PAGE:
United We Stand: SUU Hosts 9/11 Tribute

Jenna Chapman

Eyes glistened at the 9/11 Tribute hosted in the Hunter Conference Center on Monday. The event opened with the posting of the colors by SUU ROTC and a prayer for the safety of all first responders. Provost Brad Cook then spoke, reminding everyone of the reasons to have pride in our country.

“We’ve made it through a depression, a recession, a civil war, world wars, oil shocks, terrorist attacks and we’re still standing,” Cook said. “In fact, we’re not just standing: we’re standing tall.”

Cedar City Police Chief Darin Adams followed Cook, opening up about his reaction to the devastation on September 11, 2001.

“My thoughts quickly shifted to my fellow first responders in those affected areas and their safety and security,” Adams said. “I prayed for their safety and hoped that there would be no casualties. However, knowing the dangers that exist within our profession, I knew that would not be the case. My heart grew heavier as the towers collapsed and further details emerged surrounding the devastation in Pennsylvania and Virginia.”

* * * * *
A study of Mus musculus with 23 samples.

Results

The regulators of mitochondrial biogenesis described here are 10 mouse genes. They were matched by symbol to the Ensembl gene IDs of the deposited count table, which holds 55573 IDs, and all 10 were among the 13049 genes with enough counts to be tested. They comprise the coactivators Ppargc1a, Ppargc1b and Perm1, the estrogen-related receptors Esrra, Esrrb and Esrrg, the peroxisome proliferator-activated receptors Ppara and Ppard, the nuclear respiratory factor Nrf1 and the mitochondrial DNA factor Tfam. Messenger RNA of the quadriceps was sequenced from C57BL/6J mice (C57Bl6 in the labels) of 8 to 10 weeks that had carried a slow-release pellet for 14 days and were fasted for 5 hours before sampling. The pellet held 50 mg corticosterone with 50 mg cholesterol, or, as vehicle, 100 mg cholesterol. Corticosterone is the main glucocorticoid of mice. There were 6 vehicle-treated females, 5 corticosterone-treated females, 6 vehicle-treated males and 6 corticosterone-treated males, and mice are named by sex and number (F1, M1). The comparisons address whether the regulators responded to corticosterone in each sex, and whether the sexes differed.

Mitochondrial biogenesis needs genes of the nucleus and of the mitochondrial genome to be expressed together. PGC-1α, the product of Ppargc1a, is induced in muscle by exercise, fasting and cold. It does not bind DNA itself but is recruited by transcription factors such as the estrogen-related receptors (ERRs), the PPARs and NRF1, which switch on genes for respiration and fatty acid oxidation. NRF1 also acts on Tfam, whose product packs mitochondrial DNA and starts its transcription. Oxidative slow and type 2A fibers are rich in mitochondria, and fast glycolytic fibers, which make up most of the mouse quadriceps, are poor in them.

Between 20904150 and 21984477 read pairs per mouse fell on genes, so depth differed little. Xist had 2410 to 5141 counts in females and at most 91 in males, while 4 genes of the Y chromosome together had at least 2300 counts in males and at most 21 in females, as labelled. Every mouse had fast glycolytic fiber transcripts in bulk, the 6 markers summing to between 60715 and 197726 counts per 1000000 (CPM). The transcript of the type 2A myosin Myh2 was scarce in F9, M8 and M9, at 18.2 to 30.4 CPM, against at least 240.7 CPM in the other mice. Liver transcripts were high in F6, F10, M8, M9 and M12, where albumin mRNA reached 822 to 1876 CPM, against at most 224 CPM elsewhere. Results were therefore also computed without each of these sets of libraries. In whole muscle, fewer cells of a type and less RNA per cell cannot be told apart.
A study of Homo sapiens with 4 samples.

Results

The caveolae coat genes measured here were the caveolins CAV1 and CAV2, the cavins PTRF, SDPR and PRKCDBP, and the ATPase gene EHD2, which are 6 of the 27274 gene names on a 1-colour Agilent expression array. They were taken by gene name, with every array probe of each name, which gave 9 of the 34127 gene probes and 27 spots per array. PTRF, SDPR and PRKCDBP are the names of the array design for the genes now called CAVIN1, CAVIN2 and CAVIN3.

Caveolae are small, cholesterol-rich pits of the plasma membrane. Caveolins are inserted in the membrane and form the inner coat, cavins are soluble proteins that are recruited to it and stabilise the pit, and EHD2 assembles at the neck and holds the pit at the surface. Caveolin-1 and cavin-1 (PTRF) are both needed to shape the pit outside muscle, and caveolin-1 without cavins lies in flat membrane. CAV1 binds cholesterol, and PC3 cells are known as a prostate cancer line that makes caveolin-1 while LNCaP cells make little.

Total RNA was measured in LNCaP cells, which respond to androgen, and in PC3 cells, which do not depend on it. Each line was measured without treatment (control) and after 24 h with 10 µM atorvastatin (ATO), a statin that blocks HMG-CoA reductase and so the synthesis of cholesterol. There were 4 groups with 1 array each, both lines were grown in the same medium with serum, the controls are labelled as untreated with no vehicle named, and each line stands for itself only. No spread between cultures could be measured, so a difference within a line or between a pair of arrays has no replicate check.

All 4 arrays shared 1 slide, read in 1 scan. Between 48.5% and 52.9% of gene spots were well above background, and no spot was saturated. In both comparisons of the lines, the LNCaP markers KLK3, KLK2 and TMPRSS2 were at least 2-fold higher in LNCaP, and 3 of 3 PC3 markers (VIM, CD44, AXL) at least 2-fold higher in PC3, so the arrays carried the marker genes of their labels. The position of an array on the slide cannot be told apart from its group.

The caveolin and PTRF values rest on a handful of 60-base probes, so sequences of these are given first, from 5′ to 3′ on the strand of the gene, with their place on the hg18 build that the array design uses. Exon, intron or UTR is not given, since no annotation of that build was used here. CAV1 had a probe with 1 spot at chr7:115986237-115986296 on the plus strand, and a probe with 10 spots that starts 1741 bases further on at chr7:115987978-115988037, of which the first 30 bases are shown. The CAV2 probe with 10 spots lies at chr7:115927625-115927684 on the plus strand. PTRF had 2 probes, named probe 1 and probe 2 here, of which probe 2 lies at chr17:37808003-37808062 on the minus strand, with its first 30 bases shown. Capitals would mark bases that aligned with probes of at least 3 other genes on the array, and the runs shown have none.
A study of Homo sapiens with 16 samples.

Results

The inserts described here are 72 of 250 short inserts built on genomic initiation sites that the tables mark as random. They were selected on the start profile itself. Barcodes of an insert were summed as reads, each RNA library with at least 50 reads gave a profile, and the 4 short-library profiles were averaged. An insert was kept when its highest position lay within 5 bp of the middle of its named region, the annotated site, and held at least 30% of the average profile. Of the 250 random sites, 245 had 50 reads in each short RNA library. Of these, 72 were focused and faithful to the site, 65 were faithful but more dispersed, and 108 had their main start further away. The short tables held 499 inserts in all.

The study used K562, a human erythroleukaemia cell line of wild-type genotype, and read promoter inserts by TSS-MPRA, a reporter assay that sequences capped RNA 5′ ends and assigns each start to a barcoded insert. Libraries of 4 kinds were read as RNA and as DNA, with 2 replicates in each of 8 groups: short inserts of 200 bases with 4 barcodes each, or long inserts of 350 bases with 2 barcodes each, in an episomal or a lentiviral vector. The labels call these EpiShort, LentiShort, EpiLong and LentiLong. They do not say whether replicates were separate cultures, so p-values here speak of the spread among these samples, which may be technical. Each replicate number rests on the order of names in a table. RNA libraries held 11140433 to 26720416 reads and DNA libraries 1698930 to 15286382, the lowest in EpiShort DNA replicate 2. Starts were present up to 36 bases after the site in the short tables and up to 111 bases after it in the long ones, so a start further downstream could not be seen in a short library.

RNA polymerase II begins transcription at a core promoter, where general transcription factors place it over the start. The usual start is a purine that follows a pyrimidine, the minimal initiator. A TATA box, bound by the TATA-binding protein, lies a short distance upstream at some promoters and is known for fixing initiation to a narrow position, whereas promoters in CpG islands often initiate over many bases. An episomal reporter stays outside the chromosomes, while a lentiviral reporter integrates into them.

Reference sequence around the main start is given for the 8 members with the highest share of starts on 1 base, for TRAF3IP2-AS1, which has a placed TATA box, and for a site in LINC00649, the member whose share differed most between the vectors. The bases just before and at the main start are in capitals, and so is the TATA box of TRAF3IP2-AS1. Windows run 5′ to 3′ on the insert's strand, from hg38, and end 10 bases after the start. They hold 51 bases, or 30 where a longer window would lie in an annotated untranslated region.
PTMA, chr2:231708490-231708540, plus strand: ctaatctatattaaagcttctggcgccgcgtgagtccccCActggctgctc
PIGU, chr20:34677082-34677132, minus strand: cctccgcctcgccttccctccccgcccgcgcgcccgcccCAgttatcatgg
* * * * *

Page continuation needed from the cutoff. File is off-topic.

Chief of Police Darin Adams speaks to the crowed during SUU’s 9/11 Tribute.

Adams began relating a story of visiting New York City later that month with Iron County Commissioner Mike Bleak, who was an officer with CCPD at the time, along with other officers.

“This trip was a remarkable experience, suggested and brought to fruition through the vision and passion of commission and also corporal Mike Bleak,” Adams said. “Our community rallied together to donate money to this cause. We were able to provide a monetary donation to the widow of a young man killed at the pentagon, and separate checks were taken with us as we attended the funerals of two brothers in New York.”

A feeling of reverence and respect filled the room as Bleak expanded on this story in his own speech. He talked about how community actions, including that of a young boy donating the entire contents of his piggy bank to the cause, gave them a feeling of solemnity as they represented Cedar City in New York.

Bleak still keeps cards from the funerals they attended in his cabinet as a reminder of what he felt. On the back of one of these cards is a poem written by the wife of a first responder who lost his life. Many eyes filled with tears as he read the poem. Here is an excerpt from that poem:

Pete was a person that was larger than life

I am so blessed and proud to be his wife

My heart was not the only one that broke on that day

It broke so many other hearts, too numerous to say

My hope is for that Peter is now safe and sound

But we wish we had his presence back here on the ground

The hero he will be to all of us here

So goodbye I must say to you with a tear

The tribute concluded with a prayer and the playing of “Amazing Grace” on the bagpipes by the Cedar City Pipers.